As we run into another exciting year in the world of digital entertainment, we thought it would only be right to talk about one of the year's already emerging hot topics: the act of account sharing.
With so many OTT video users sharing their accounts, often as viewing currency ("I'll give you my login deets if you give me yours..."), broadcasters have begun cracking down - and this year, they're serious.
According to a recent study from our dear partners IBM Cloud Video, almost half of streaming subscription holders share their passwords with their family members only, and this number is actually down slightly in 2017 from 2016, as the chart shows:
But despite the fact that numbers on sharing with family have dropped from 2016, and a third of consumers don’t share their credentials at all, sharing with friends, roommates and even the ‘anyone else’ category has risen slightly from 2016.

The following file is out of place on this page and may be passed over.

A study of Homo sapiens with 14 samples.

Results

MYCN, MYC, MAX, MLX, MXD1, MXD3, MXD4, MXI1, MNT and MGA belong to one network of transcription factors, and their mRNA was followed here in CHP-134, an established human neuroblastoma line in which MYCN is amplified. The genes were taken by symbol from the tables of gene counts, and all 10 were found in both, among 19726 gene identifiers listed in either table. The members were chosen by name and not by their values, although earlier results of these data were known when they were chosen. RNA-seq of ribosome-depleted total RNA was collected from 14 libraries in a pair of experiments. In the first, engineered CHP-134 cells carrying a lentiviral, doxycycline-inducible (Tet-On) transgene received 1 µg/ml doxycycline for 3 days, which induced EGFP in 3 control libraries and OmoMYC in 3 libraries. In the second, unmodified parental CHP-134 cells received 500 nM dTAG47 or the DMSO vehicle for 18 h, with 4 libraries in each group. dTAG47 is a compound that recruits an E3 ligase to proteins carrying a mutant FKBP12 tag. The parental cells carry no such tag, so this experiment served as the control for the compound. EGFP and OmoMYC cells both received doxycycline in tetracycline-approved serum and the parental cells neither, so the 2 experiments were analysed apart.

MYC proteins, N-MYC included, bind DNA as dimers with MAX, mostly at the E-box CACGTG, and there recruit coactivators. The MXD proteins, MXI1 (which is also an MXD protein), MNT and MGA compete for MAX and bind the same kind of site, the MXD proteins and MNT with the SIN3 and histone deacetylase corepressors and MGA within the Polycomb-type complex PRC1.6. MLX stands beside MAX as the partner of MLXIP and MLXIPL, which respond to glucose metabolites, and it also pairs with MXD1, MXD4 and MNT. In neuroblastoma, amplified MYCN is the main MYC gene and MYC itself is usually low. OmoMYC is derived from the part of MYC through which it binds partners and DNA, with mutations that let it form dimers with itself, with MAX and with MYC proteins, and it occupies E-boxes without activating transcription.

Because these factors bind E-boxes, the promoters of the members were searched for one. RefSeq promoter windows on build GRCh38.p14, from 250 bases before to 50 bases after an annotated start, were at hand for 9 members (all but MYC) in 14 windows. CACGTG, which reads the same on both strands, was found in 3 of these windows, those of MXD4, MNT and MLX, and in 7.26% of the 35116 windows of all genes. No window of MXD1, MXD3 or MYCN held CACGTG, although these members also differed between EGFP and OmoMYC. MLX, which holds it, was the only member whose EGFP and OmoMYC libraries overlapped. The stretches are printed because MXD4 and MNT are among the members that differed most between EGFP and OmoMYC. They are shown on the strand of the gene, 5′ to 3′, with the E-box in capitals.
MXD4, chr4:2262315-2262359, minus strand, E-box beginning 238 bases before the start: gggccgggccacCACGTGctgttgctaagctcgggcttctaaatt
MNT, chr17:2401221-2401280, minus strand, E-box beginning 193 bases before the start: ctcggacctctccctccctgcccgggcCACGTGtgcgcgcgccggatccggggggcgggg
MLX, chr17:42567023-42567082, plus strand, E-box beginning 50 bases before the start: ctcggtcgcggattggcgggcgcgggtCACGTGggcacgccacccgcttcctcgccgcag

Of course, using someone else’s account free of charge, although consensual, is seen by many as a form of piracy - with significant amounts of revenue lost each year. And some broadcasters are waging war against it.
While certain providers see little harm in password sharing among close friends and family, seeing it as a viable way to market their service and build brand awareness, others don’t quite share the same opinion.
Speaking on the subject of channel owners and their lack of service fortification, Charter Communications' Thomas Rutledge of Charter said, "they devalued their own product in a dramatic way."
This view may be on the pessimistic end of the spectrum, but the fact remains that many broadcasters and providers will be taking measures to prevent mass account sharing this year.
But, by making login processes too difficult and restrictive, many service providers run the risk of alienating their customers and creating a poor user experience - something that should be avoided at all costs.
In the fight against account sharing, it seems that subtlety and consistency is the key. As 2018 rolls on, we expect to see new developments related to account sharing.